Re: [TLS] Encrypting record headers: practical for TLS 1.3 after all?

Bryan Ford <> Wed, 02 December 2015 10:03 UTC

> Jacob Appelbaum <> writes:
>> I think the only thing that comes close is when I've named a classified US
>> government surveillance program (XKeyscore) that would probably have trouble
>> with it.
> Why would XKeyscore have trouble with it?  Standard off-the-shelf routers, not
> even specialised USG surveillance gear, does fairly sophisticated flow
> tracing, packet reassembly, connection analysis, and so on.  It's built into
> the router.  Encrypting the headers is, at best, a minor speedbump to
> attackers (while being a major headache for implementers, particularly SSH's
> way of doing it), because they can use the native capabilities of the routing
> hardware to sidestep the need to decrypt headers.
> If people really want to address this then they need to do the following:
> 1. Define a threat model.  What are we supposed to be defending against?
>   (Note: The Inside-Out Threat Model, "this is the defence, anything that it
>   prevents is what we're defending against", is not a threat model).

We have repeatedly stated several relevant threat models here; you just don’t seem to be accepting them as threat models for some reason.  One is the passive eavesdropping attacker, who can monitor flows but cannot easily inject traffic; mass monitoring of tapped fibre optic cables are one specific real-world example of that.  Another is the “partly-active” attacker who can inject packets but cannot readily prevent the legitimate packets from arriving; two very real-world examples of this are XKEYSCORE/QUANTUMINSERT and the WiFi internet cafe snooper.  In each of these real-world threat models the “dribble attack” to sniff out record boundaries via full MITM is not an option for the attacker, and hence there is potential benefit to encrypted record headers even without any other anti-traffic-analysis measures.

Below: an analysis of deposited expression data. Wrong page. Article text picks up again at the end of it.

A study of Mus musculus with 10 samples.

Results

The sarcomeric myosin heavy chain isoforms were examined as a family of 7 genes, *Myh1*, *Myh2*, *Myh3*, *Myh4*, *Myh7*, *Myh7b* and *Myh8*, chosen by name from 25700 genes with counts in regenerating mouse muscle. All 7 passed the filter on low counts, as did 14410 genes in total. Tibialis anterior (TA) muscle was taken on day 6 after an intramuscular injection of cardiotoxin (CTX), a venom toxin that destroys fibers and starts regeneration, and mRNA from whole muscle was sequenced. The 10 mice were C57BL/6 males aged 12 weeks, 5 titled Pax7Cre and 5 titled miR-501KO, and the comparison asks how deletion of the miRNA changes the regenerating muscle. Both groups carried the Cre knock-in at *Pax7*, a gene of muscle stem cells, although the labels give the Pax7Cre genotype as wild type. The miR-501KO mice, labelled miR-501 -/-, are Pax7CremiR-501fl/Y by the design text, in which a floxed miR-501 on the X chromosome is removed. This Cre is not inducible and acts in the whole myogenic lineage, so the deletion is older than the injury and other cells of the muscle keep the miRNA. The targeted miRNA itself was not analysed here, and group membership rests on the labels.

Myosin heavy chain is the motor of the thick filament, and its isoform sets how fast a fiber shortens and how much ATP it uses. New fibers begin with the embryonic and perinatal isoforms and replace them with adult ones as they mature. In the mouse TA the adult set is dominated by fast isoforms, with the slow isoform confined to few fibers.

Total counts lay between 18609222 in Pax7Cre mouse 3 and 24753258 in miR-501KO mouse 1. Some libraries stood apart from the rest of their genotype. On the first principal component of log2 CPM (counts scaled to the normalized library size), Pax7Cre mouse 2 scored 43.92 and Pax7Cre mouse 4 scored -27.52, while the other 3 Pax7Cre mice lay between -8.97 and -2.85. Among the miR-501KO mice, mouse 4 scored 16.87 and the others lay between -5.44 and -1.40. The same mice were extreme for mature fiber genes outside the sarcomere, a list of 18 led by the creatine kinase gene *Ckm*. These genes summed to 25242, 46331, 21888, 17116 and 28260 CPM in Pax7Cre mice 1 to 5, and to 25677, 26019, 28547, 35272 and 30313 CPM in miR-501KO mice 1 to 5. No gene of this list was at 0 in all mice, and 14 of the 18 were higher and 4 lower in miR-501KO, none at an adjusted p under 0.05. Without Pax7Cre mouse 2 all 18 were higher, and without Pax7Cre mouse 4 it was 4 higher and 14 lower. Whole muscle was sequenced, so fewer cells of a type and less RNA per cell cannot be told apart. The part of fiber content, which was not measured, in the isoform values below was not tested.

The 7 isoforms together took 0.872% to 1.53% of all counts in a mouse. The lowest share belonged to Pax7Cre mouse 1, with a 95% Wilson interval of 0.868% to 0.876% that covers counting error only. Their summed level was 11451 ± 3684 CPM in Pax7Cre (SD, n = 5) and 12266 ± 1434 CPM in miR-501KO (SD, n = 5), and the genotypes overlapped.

> 2. List the various measures that can be used to defend against the threat:
>   Fixed-size packets, padding, quantised packet timing, etc.

We have been doing this as well, repeatedly.  And as I’ve stated repeatedly and you have not refuted, having encrypted packet headers allows us to deploy some of those defense measures in multiple places in the network (e.g., TCP stack and/or middle boxes) rather than just one (TLS implementation).